Sky-high energy prices are forcing the poorest pensioners to cut back on their food spending, a report says.

With the major power firms set to hike costs even further this summer, the elderly face a nightmare scenario of having to choose between staying warm and eating enough.

To compound matters, food bills increased at the fastest pace in nearly two years last month as volatile commodity prices continued to lift the cost of living in the UK.

Food inflation hit a 23-month high of 4.9% in May, up from 4.7% in April, according to the British Retail Consortium.

The report comes a day after Scottish Power announced it will raise electricity prices by an average 10% and gas prices by a whopping 19% on 1 August.

As energy firms tend to operate as a herd, the rest of the Big Six are likely to follow over the coming months, due to rising wholesale costs – the price they pay to buy energy.

The study by the Institute for Fiscal Studies (IFS) found the poorest quarter of pensioner households increased fuel spending by 7% during cold snaps, in line with other retired households.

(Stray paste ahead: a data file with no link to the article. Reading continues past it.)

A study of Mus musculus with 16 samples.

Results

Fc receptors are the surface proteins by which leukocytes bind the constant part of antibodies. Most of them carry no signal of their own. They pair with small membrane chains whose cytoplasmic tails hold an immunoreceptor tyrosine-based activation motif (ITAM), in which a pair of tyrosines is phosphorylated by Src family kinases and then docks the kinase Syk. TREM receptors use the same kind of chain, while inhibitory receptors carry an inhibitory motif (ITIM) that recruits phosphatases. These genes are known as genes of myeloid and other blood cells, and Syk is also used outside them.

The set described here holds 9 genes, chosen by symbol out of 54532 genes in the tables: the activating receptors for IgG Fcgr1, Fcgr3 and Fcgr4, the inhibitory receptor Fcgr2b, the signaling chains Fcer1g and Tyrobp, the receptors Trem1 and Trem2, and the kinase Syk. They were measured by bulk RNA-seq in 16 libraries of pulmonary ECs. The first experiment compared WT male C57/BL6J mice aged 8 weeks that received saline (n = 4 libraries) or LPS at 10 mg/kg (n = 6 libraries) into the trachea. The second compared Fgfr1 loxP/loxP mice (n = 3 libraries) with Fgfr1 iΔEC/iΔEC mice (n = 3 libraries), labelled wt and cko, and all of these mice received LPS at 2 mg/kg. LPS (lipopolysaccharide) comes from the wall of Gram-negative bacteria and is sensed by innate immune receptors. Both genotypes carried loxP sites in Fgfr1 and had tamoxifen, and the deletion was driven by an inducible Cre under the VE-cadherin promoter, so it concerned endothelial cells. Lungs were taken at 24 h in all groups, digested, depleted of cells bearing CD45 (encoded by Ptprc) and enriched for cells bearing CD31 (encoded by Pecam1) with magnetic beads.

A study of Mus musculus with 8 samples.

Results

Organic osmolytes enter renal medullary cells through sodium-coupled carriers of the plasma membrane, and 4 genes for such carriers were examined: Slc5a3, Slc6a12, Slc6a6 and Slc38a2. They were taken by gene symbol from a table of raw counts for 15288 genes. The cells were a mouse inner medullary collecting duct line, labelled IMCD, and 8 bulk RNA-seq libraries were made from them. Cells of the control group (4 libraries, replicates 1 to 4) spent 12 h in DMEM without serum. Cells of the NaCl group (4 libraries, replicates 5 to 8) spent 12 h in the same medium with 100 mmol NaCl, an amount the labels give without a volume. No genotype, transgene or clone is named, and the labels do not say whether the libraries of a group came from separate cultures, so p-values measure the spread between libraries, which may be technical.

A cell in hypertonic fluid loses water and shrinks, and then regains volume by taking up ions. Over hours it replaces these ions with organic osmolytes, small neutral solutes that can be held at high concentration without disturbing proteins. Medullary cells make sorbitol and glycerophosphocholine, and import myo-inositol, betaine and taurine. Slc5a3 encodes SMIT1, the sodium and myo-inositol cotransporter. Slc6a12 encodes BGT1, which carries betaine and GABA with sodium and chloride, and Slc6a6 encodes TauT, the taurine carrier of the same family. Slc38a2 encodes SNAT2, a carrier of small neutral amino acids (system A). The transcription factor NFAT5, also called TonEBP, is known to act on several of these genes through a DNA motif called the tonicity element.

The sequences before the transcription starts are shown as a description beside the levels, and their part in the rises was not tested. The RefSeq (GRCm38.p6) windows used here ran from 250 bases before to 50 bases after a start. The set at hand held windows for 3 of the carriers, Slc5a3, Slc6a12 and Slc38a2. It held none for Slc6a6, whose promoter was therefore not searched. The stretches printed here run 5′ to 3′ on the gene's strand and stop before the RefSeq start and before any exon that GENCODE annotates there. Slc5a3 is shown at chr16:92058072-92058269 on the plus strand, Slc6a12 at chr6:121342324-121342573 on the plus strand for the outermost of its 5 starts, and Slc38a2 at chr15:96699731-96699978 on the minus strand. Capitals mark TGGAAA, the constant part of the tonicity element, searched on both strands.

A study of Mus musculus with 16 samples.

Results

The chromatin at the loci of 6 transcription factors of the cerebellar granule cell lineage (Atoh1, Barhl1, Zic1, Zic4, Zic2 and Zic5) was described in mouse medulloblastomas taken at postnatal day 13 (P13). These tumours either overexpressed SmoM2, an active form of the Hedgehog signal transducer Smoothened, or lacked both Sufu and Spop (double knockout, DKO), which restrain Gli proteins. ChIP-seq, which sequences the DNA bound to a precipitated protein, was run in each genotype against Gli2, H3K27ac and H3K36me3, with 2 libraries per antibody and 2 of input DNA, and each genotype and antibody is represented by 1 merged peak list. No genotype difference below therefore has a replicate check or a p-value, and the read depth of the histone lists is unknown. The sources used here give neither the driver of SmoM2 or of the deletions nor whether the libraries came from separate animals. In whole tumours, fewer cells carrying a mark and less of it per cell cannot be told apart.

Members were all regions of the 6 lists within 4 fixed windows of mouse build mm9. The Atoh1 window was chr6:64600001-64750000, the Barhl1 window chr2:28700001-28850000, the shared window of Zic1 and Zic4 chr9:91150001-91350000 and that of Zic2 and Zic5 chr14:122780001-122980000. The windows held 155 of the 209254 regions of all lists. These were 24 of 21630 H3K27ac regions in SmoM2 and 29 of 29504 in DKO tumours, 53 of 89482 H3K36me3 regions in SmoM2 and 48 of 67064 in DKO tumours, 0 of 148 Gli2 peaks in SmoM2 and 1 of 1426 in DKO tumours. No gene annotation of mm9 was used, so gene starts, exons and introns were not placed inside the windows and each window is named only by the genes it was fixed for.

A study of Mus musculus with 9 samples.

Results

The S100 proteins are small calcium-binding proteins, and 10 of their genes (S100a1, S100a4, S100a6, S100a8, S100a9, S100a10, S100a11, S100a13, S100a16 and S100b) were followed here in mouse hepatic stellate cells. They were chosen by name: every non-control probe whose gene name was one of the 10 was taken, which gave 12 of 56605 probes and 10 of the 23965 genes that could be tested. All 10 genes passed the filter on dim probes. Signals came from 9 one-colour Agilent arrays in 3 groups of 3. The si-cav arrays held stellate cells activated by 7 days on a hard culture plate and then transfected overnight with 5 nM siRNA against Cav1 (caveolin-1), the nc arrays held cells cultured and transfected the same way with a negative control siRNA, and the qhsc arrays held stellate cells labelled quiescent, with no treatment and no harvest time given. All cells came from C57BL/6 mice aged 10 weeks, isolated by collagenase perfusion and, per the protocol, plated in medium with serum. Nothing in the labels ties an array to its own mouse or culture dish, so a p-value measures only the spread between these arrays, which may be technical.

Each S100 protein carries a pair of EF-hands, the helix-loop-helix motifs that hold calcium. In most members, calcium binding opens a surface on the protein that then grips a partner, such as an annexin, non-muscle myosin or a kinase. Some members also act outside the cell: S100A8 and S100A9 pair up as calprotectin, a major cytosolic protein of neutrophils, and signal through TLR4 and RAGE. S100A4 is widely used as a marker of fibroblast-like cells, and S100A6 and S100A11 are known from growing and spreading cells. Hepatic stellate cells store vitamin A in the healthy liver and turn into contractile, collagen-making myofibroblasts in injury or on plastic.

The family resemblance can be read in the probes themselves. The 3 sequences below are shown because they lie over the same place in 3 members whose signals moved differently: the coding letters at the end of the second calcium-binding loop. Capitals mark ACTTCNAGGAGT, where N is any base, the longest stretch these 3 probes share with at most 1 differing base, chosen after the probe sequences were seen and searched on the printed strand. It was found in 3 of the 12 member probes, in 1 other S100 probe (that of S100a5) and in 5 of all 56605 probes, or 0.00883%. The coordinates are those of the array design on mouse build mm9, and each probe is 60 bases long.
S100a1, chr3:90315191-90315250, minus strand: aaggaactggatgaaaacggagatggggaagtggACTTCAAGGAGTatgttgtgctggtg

However, they also decreased their food spending by just over 7% during these periods, suggesting they need to save in other areas to cover higher heating costs.

The IFS says: "The reduction in food expenditure is evident only among the poorest quarter of older households and only when the temperature is substantially lower – more than two degrees Celsius – than would be expected for that time of year.

"This suggests policies specifically targeted at helping families during cold weather shocks, such as the cold weather payment, in conjunction with the annual winter fuel payment, do not fully protect all older households from the impact of very cold weather."